Apply now: Two Master's thesis topics at the interface between computational social science and food studies available!
Together with Prof. Dr. Mirco Schönfeld, Junior Professor of Data Modelling & Interdisciplinary Knowledge Generation, Faculty of Languages and Literatures, UBT, we want to investigate what social media data can tell us about nutritional behaviour in African countries and whether the well-known social media platforms and their algorithms recommend different nutritional information in African countries than they do in Germany.
Are you interested and do you have some experience in Computational Social Science Methods? Then get in touch with us here?
Topic 1: What can Social Media Data tell us about Dietary Behaviour and Food Environments in African Countries?
Social media platforms such as Instagram, Twitter, Reddit or Tumblr are increasingly being used by individuals on a global scale to keep the public informed about everyday issues, such as decisions about what, how and where to eat, or to express opinions on how certain food issues are viewed and evaluated. Marketing research has long been making use of this freely available “behavioural log data” (Trattner & Elsweiler, 2019) to continuously monitor and mine consumer behaviour and preferences (Salampasis, Paltoglou & Giachanou, 2014). These data also do not go unnoticed in nutrition research (Trattner & Elsweiler, 2019). With the desire to derive insights into dietary behaviour from these data, a few researchers have set about analysing them in an exploratory manner (Bartelmeß, 2020). Thus, certain attitudes towards nutritional issues (Shah, Srivastava, Savage & Mago, 2019), understandings of a healthy diet (Saura, Reyes-Menendez & Thomas, 2019), the detecting and characterizing of eating-disorder communities (Moessner, Feldhege, Wolf & Bauer, 2018; Wang, Brede, Ianni & Mentzakis, 2017), the description of food environments (Lynch, Knezevic & Mah, 2022; Nguyen, Q. C. et al., 2017) and the localisation of obesogenic environments have been revealed by using visual, text and geotagged social media data and social computational analysis methods.
One region for which little nutrition-related behavioural data is generally available is Africa. The master's thesis aims to find out which social media nutrition data is available for which African countries and what statements can be derived from this data about dietary behaviour and food environments by using social computational analysis methods.
- Bartelmeß, T. (2020). Möglichkeiten der Analyse von Social-Media-Daten für die Ernährungskommunikation. In J. Godemann & T. Bartelmeß (Hrsg.), Ernährungskommunikation (S. 1-25). Wiesbaden: Springer.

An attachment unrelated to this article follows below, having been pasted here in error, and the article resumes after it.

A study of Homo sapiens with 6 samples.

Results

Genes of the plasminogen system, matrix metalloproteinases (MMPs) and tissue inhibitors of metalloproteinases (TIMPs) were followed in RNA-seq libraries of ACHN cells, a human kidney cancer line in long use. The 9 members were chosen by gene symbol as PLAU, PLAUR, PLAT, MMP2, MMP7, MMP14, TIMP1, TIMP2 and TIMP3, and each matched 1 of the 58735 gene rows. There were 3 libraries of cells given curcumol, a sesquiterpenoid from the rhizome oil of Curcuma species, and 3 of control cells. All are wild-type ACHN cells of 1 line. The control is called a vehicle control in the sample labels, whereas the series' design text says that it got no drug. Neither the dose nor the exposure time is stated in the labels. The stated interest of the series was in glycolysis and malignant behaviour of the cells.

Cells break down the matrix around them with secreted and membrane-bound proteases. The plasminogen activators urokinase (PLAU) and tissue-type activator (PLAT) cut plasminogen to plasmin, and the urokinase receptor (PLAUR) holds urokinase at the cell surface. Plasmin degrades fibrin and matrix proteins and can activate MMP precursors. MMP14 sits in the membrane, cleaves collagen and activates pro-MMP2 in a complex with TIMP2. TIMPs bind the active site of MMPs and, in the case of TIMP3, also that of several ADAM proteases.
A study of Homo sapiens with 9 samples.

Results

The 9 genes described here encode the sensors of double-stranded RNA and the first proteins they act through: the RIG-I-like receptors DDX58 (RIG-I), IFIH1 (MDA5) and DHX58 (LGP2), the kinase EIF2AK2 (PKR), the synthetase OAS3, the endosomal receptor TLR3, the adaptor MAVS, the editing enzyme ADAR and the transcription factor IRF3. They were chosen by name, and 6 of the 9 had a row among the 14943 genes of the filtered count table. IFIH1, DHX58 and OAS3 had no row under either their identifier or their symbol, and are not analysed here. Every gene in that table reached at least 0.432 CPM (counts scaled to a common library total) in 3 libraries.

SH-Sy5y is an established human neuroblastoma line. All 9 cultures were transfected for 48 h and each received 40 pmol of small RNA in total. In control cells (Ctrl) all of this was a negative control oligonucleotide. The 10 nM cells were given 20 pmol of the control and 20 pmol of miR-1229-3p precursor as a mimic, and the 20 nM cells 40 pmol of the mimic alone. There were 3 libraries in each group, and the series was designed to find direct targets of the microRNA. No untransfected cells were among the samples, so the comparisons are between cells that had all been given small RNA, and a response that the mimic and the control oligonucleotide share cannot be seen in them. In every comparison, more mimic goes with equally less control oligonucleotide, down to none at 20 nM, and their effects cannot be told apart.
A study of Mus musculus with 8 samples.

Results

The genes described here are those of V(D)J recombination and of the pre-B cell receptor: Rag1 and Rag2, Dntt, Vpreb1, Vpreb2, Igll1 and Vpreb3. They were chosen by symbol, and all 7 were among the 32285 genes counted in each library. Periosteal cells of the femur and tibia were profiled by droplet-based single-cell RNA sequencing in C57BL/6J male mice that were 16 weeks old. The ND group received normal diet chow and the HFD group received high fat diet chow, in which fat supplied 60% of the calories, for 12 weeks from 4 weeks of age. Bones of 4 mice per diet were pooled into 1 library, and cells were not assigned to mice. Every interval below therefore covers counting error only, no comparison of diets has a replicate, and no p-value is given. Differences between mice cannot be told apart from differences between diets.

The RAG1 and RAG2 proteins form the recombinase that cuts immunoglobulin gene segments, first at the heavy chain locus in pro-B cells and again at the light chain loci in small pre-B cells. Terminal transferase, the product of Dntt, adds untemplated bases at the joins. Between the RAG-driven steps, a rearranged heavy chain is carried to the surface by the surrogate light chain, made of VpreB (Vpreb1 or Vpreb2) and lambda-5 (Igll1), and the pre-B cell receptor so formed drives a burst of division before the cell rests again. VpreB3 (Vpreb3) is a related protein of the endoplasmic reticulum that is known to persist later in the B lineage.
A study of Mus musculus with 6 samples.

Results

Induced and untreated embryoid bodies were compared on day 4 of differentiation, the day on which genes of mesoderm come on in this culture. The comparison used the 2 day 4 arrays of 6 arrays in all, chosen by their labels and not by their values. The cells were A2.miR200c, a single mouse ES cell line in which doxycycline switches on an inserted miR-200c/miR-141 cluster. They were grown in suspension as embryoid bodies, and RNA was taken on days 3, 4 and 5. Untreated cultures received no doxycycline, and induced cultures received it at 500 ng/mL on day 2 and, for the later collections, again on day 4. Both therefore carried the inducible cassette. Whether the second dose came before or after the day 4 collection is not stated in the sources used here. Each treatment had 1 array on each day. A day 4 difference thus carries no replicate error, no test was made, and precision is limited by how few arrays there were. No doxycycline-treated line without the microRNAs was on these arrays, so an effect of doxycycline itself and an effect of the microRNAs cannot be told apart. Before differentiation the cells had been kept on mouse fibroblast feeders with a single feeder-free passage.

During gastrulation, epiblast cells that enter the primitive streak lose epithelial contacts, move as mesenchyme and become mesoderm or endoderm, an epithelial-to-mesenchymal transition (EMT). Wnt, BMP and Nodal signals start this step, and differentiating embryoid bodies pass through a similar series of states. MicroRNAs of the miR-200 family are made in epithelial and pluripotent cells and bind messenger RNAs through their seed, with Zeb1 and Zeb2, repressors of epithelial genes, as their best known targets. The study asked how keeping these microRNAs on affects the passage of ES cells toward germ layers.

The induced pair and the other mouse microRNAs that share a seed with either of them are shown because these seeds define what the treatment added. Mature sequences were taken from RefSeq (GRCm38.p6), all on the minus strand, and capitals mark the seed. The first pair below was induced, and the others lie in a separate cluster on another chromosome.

- Lynch, M., Knezevic, I. & Mah, C. L. (2022). Exploring food shopping behaviours through a study of Ottawa social media. Appetite, 168, 105695.
- Moessner, M., Feldhege, J., Wolf, M. & Bauer, S. (2018). Analyzing big data in social media: Text and network analyses of an eating disorder forum. The International journal of eating disorders, 51 (7), 656-667.
- Nguyen, Q. C., Meng, H., Li, D., Kath, S., McCullough, M., Paul, D. et al. (2017). Social media indicators of the food environment and state health outcomes. Public health, 148, 120-128.
- Salampasis, M., Paltoglou, G. & Giachanou, A. (2014). Using social media for continuous monitoring and mining of consumer behaviour. International Journal of Electronic Business, 11 (1), 85.
- Saura, J. R., Reyes-Menendez, A. & Thomas, S. B. (2019). Healthy Diet in Social Media: Utilizing Networks and User Generated Content to Gain a Deeper Understanding of Nutrition Behavior Management.
- Shah, N., Srivastava, G., Savage, D. W. & Mago, V. (2019). Assessing Canadians Health Activity and Nutritional Habits Through Social Media. Frontiers in public health, 7, 400.
- Trattner, C. & Elsweiler, D. (2019). What online data say about eating habits. Nature Sustainability, 2 (7), 545-546.
- Wang, T., Brede, M., Ianni, A. & Mentzakis, E. (2017). Detecting and Characterizing Eating-Disorder Communities on Social Media. In M. de Rijke, M. Shokouhi, A. Tomkins & M. Zhang (Hrsg.), Proceedings of the Tenth ACM International Conference on Web Search and Data Mining (S. 91-100). New York, NY, USA: ACM.
Topic 2: A Comparative Analysis of Nutrition-related Social Media Recommendations in African Countries
What we see on Social Media is highly tailored to our needs. Recommendation algorithms compose and order our content streams or timelines in order to keep us interested in the platform and increase interaction with the platform. What is picked and ranked high up in the stream is influenced by our interests, our past interaction with the platform, and certain context factors. This master's thesis sets out to evaluate different factors that might influence the composition of content in a Social Media profile.
In an experimental design the same information search behaviour is carried out on the profiles. However, the profiles will be created and accessed from different geographical locations with a special emphasis on African countries. Thematically, the focus is on nutrition topics - on healthy and sustainable nutrition. The master's thesis aims to provide answers to the question of what social media does to profiles in different geographical regions that display identical information-seeking behaviour and leave identical usage traces. Furthermore, the master thesis will compare which ideas of healthy and sustainable nutrition are constructed by the algorithms in the different geographical regions.